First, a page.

EAST MEADOW, NY – Seattle Seahawk’s safety Earl Thomas dislocated his shoulder during Sunday’s game and if he is unable to properly raise his arm, the Patriots may take note of that during the Super Bowl.
A dislocated shoulder is when the ball and socket of the shoulder get detached.
“His shoulder was likely reduced or the ball was put back into the socket on the field or in the locker room shortly after the injury,” says Randy Cohn, MD, orthopedic surgeon for the North Shore-LIJ Health System. “In most people who are not professional athletes looking to play in the Super Bowl, you would rest them and give this a chance to heal before you risk a recurring dislocation. And in people who have recurrent dislocations, meaning they have done this over and over again, they may require surgery to fix the shoulder capsule and the labrum to prevent this from happening again. In a professional athlete who’s two weeks away from playing in the Super Bowl, it is likely that Seattle will let him play and address this problem in the off season if this does become a recurrent problem.”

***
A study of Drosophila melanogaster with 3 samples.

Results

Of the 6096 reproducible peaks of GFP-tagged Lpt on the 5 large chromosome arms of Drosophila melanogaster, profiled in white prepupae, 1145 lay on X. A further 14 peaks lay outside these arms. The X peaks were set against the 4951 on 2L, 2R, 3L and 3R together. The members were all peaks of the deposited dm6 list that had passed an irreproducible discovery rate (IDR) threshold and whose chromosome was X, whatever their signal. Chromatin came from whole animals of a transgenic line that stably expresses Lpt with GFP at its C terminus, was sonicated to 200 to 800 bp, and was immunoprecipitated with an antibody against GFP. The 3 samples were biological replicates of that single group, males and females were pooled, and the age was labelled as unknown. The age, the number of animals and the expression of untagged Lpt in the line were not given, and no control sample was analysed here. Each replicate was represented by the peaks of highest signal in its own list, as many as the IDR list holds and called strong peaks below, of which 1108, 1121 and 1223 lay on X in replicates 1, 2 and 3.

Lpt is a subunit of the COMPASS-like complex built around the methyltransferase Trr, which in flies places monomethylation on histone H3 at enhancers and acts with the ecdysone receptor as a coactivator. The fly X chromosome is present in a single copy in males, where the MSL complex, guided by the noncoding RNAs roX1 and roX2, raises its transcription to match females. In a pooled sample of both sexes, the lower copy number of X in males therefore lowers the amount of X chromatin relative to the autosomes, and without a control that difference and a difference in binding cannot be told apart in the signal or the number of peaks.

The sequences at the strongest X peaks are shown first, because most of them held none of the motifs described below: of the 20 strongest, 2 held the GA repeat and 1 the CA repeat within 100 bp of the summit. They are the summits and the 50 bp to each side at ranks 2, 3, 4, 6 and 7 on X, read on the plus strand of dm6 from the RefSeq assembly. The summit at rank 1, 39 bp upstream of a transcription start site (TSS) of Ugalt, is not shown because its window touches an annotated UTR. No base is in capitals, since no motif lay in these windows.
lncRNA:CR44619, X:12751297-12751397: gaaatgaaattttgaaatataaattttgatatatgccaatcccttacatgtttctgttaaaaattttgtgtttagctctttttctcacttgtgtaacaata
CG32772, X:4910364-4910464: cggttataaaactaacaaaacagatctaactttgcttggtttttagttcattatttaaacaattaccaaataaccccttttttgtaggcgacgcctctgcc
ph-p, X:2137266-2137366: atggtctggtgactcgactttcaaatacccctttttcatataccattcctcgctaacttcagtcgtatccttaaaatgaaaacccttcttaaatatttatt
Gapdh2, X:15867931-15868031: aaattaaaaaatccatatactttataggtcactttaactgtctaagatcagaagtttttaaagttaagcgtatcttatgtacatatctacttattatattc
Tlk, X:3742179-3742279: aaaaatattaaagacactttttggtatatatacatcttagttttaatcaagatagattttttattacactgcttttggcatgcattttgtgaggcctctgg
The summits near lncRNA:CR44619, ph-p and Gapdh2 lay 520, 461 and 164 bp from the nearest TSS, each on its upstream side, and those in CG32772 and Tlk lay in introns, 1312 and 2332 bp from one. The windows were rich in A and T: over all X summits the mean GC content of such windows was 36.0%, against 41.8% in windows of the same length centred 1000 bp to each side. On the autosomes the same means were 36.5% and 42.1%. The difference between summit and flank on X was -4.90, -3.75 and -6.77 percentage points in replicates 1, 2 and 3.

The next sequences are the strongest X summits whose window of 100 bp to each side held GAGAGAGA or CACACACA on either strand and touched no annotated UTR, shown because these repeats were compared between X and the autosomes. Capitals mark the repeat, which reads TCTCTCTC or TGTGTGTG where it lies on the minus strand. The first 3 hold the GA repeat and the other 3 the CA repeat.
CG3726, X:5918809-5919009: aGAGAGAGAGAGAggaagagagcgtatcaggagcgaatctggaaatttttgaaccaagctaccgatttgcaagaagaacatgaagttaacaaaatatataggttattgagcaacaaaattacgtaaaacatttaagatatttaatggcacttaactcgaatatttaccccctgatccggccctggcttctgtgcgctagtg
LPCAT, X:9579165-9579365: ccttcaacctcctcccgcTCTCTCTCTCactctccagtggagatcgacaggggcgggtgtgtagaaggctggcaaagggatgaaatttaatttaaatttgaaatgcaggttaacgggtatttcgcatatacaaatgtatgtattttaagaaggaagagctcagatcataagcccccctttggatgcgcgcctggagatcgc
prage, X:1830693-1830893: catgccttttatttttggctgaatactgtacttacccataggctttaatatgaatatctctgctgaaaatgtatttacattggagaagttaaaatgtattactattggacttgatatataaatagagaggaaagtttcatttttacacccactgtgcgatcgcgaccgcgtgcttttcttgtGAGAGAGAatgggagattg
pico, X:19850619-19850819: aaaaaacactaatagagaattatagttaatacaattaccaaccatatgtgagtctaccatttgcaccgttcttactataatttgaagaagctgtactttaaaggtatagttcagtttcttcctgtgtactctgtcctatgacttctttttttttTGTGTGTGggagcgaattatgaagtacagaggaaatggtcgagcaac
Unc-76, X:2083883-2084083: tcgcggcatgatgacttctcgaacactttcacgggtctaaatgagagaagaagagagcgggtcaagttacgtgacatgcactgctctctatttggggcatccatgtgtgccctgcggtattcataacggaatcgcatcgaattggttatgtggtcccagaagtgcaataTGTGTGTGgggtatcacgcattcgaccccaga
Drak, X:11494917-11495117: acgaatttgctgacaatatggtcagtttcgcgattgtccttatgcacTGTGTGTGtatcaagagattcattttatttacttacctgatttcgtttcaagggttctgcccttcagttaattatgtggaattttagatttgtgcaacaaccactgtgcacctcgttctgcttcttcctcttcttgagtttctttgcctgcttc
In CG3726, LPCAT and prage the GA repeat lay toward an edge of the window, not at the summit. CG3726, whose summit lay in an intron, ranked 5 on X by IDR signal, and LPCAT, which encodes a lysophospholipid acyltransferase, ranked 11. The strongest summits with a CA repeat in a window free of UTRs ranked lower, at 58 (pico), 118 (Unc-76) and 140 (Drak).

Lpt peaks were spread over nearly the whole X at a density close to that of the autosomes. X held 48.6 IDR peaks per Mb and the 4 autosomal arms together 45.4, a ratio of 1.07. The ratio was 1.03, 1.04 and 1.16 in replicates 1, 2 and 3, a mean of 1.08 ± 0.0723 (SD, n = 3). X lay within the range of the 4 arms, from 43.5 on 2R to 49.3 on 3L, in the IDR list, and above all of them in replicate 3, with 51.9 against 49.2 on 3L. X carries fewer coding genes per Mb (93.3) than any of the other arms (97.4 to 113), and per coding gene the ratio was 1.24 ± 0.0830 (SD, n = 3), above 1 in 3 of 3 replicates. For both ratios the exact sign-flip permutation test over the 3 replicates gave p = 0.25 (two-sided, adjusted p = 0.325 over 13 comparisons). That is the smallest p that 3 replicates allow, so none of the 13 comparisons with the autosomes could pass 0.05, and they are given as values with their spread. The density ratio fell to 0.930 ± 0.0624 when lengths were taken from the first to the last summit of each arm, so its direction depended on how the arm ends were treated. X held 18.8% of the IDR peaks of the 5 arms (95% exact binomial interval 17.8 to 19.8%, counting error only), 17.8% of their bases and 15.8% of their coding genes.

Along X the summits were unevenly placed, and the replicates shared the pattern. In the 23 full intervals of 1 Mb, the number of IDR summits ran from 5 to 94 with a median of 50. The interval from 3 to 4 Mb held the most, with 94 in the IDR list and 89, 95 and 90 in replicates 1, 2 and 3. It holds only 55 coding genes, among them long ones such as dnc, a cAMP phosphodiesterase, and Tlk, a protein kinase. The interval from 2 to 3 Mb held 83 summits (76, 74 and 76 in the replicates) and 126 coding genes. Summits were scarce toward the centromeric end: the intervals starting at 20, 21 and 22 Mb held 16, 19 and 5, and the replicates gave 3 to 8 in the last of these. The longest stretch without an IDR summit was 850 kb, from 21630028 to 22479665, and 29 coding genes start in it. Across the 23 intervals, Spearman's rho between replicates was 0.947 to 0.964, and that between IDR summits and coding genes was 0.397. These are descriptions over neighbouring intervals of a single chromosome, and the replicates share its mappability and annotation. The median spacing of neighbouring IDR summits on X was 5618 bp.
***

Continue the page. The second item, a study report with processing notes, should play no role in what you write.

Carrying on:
But even if Mr. Thomas plays on Sunday, Feb. 1, depending on how he is feeling, the Patriots may use his injury to their advantage.
“One thing that [Seattle] may do is use a brace that connects his shoulder to his shoulder pads and limits his ability to reach overhead and back,” Dr. Cohn says. “The advantage of that is that is it can limit his chances of sustaining a re-injury during the game, however this is certainly something the New England Patriots would look out for during warm ups.”
For the everyday person who is concerned they may have dislocated their shoulder, they will feel a pop and great pain in that area, Dr. Cohn says. For children and adults particularly who play sports, Dr. Cohn stresses the importance of seeing a doctor if you think you dislocated your shoulder.
“If you have a shoulder dislocation and it’s put back in on the field, it doesn’t mean that everything is fine,” says Dr. Cohn, who was on the medical staff of the Patriots during his sports medicine training. “Proper treatment can prevent long-term problems such as recurrent dislocations.”
People who have recurrent dislocations are at greater risk of having dislocations in the future as well as shoulder arthritis, which can lead to more procedures down the line, Dr. Cohn says.